ICO says Google is in breach of the Data Protection Act and must conform by September

Led by the French data protection authority, CNIL, Europe disagreed. Earlier this year the Article 29 Working Party (comprising representatives from the data protection authorities of each of the EU's member states) selected six national authorities who would commence action against Google. 

The ICO is one of these (CNIL has finished its own investigation and told Google to change its policy or face a fine of €150,000 – around £130,000). Now the ICO has completed an investigation and found that Google's updated privacy policy "does not provide sufficient information to enable UK users of Google’s services to understand how their data will be used across all of the company’s products."

Google must now amend the policy to make it "more informative for individual service users." Failure to do so by 20 September will leave the internet giant open to the "possibility of formal enforcement action.”

So far Google has insisted that it is operating within European laws and has given no sign of willingness to change. Indeed, it recently told Congress in the US that it had no intention of changing its policy. However, while the European Union is a market comparable in size to the US, it is if anything more important to Google (Search, for example, has a much larger share of the European market than the US market). It remains to be seen whether this concerted action by the data protection authorities in Europe will have any different effect.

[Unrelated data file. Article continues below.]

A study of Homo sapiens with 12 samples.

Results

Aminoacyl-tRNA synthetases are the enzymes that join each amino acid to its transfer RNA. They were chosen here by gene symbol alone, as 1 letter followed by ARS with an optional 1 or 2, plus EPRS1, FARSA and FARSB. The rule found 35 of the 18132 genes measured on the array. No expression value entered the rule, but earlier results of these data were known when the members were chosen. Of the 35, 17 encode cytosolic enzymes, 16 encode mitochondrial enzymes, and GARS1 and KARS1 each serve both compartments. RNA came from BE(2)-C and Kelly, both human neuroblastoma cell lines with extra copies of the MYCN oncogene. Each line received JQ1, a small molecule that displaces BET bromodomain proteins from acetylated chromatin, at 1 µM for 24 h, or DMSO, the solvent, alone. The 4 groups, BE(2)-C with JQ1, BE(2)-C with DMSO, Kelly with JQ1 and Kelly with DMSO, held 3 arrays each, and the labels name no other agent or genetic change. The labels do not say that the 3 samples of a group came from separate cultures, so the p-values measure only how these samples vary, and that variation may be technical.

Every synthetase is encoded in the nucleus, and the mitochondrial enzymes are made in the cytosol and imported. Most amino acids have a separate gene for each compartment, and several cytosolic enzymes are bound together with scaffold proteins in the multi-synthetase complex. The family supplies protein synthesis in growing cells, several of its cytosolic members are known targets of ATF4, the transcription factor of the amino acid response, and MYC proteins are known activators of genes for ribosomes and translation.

The ICO believes it will. A spokesman told Infosecurity that it expects Google will comply with the instructions in its letter. However, this is potentially uncharted territory for the ICO. It has mostly been concerned with matters of fact – the theft or loss of data that is undisputed. It has never before been faced with a potential dispute with an international corporate with the financial muscle of Google.

If Google does not comply with instructions, the ICO spokesman told Infosecurity that the next step would probably be an enforcement notice (he said that it would unlikely be a fine, which in theory could be up to £500,000). If Google then defied or appealed the enforcement (it is, after all, insisting that it is already in conformance), it becomes a matter for the UK courts.

The question is how confident is Google. It has the financial ability to draft in legal resources that the ICO has never experienced; and the courts will have to decide. Here, however, the spokesman told Infosecurity, the potential sanction is not the ICO's £500,000 maximum, but unlimited fines. It is perhaps for this reason that the ICO is confident that Google will comply with its letter.

All that is not yet clear is to what extent Google will need to amend its existing policy to satisfy the ICO.

What’s hot on Infosecurity Magazine?